Beside the seaside …
I saw these strange metal mash ups of Airfix figures from the 1970s in a seaside antiques and craft market. I couldn’t identify them other than the plastic box marked Guisval.
Guisval is a Spanish based diecast vehicle company established in 1962.
The figures seem to be attached to military trucks and tanks, which are a marked Guisval Fabricado en Espana. They appear to be the equivalent of the British Matchbox Lesley and Dinky.
I remember that the Matchbox military offerings sometimes had accompanying soldiers from or similar to the Matchbox OO/HO range of figures. http://www.plasticsoldierreview.com/ShowFeature.aspx?id=91
Majorette diecast figures (on my Ebay recce / research) also had random plastic copies of Airfix figures.
Not much shows up when researching Guisval metal military figures until I found one Flickr site – RMJ68.
A quick web search of Guisval diecast vehicles revealed few useful photos of this type of military figures, except for a Flicker album of diecast vehicles by RMJ68 https://www.flickr.com/photos/41049565@N08/albums
Please note: RMJ68’s photos are Copyright to their Flickr site – I have included them with credit to the author as part of my research into the figures I bought.
This set of Guisval related photos by RMJ68 shows these figures with tanks and lorries. Reading the Flickr comments, I am not sure that the plastic landscape and palm trees are Guisval issue or linked. Manufacture seems to be 1970s to 1980s.
The box they come in seems purpose built clear plastic lid with yellow plastic base with strange base clips to attach them in transit and slide / release them. A similar type of clear box can be seen in RMJ68’s photos of Guisval military vehicles. Some tank or vehicle box bases have a plastic stud in the middle of the figure bases that appears in some of my figures to be broken off and still attached to the base.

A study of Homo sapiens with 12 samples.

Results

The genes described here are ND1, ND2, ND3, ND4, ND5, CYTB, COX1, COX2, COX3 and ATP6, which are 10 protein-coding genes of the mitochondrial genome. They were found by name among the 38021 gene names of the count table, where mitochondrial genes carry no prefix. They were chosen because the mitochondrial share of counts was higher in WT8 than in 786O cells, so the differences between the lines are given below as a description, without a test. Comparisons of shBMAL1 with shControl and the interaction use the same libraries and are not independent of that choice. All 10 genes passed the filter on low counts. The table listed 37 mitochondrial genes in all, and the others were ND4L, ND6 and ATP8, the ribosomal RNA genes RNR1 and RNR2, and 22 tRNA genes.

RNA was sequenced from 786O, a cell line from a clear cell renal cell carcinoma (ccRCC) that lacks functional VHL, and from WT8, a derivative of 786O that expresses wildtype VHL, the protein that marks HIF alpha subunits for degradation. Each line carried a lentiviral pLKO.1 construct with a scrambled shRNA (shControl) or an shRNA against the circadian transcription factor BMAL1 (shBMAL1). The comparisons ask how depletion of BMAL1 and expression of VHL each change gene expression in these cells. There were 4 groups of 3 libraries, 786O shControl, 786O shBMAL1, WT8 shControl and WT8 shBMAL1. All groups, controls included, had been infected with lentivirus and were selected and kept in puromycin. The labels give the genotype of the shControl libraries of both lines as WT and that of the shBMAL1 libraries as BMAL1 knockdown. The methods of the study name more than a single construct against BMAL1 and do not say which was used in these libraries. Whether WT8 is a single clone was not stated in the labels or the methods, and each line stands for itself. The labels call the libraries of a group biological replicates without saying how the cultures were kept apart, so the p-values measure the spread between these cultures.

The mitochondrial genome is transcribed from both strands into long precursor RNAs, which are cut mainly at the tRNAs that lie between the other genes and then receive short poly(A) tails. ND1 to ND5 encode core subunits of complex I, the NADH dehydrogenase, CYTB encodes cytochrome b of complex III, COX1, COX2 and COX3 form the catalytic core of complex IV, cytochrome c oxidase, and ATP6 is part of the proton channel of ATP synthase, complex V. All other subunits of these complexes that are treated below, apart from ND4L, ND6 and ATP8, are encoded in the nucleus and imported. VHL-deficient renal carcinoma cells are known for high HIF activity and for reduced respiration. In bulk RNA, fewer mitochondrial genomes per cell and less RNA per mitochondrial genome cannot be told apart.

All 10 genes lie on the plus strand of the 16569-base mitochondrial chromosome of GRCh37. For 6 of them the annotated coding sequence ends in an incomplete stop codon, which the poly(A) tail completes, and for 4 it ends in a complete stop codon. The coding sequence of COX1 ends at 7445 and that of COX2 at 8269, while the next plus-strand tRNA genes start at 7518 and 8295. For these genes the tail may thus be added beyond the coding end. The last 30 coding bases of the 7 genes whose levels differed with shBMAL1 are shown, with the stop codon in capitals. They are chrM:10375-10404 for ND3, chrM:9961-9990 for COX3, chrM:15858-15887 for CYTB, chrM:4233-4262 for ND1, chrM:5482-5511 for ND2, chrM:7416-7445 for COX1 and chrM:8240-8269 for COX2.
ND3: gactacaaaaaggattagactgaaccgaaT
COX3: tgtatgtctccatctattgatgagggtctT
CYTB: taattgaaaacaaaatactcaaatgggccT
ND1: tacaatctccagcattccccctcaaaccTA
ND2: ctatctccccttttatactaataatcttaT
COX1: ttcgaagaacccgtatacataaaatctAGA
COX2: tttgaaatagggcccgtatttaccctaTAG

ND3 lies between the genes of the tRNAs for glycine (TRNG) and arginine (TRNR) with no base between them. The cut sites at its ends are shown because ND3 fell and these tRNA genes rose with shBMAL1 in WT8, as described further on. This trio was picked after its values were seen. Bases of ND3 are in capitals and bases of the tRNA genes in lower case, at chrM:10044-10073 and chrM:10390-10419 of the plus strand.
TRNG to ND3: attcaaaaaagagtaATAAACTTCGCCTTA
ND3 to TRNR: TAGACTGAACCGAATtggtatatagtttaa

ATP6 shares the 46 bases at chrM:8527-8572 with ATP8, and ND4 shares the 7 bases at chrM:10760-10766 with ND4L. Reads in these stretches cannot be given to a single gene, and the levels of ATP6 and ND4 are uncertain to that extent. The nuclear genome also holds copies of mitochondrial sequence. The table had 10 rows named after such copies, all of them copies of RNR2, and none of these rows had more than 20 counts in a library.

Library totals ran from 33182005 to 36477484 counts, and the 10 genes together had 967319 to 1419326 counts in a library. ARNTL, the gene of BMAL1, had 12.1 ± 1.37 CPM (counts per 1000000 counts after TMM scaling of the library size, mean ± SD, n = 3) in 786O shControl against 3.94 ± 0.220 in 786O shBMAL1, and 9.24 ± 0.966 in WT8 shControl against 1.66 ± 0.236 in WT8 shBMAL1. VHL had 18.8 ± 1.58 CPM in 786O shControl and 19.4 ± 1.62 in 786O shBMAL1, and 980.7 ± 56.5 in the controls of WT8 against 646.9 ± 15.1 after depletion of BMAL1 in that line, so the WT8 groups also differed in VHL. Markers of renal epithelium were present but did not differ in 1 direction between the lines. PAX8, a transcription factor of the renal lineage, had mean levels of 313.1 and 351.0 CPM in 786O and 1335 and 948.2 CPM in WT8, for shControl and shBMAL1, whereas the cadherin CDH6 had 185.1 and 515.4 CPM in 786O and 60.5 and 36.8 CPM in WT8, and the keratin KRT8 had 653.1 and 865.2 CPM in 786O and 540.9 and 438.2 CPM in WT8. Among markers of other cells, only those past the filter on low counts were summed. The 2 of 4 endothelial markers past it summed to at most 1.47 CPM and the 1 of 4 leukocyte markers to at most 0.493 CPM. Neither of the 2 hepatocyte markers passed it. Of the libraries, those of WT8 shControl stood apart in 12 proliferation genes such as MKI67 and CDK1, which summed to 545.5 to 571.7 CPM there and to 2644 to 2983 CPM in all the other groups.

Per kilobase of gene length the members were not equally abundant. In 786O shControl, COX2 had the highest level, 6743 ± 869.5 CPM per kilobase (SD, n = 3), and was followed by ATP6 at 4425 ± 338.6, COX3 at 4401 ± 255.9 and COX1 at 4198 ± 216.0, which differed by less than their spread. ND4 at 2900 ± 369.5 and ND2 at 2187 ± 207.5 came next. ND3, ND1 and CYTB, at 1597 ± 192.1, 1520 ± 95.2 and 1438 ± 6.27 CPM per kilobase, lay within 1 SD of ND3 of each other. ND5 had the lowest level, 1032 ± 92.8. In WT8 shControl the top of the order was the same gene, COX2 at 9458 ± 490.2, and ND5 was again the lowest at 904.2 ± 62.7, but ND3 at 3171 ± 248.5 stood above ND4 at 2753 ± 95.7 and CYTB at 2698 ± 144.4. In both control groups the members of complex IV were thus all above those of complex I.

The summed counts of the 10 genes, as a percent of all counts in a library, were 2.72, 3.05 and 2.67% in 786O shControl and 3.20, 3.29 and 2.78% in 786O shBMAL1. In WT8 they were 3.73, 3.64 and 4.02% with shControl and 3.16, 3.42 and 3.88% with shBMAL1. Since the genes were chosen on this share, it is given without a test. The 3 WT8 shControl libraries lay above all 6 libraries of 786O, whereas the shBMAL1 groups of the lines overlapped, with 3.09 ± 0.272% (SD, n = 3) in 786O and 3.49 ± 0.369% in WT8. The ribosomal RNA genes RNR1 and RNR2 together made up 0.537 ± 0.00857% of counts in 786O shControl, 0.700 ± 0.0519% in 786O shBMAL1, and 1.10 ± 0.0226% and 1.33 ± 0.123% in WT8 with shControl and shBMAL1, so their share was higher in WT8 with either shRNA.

My figures fit well with the figure types shown in RMJ68’s Guisval photo albums. They are similar strange blend of Airfix British commando second version poses – seen here at
and German or modern US ‘Fritz’ style helmets adopted by various NATO countries. This Fritz helmet was seen in the Airfix modern US / NATO infantry sets http://www.plasticsoldierreview.com/Review.aspx?id=431
The figures could be intended to be Spanish army wearing stalheim German style helmets? http://www.warrelics.eu/forum/axis-militaria/spanish-wwii-helmet-553819/
Familiar or classic poses of the Airfix British Paratroops are featured too – such as my smaller radio man and kneeling firing figure, rather than the Airfix second version Commando radio operator. In the RMJ68 photo examples are several of the much copied or pirated Airfix British Para poses which were never issued by Airfix in smaller sizes. These may have been pantographed down in size and then helmets altered.
They are cast or painted in two colours – a dark bronze to browny black and a shiny silver metal. These might be different sets joined or intended, as in Green and Tan Army Men type toy soldiers, to be enemies (attackers and defenders) in different colours with the same poses.
I hope that RMJ68 enjoys my pictures of these curious little Guisval metal figures.
Blog posted by Mark Man of TIN 17 April 2019.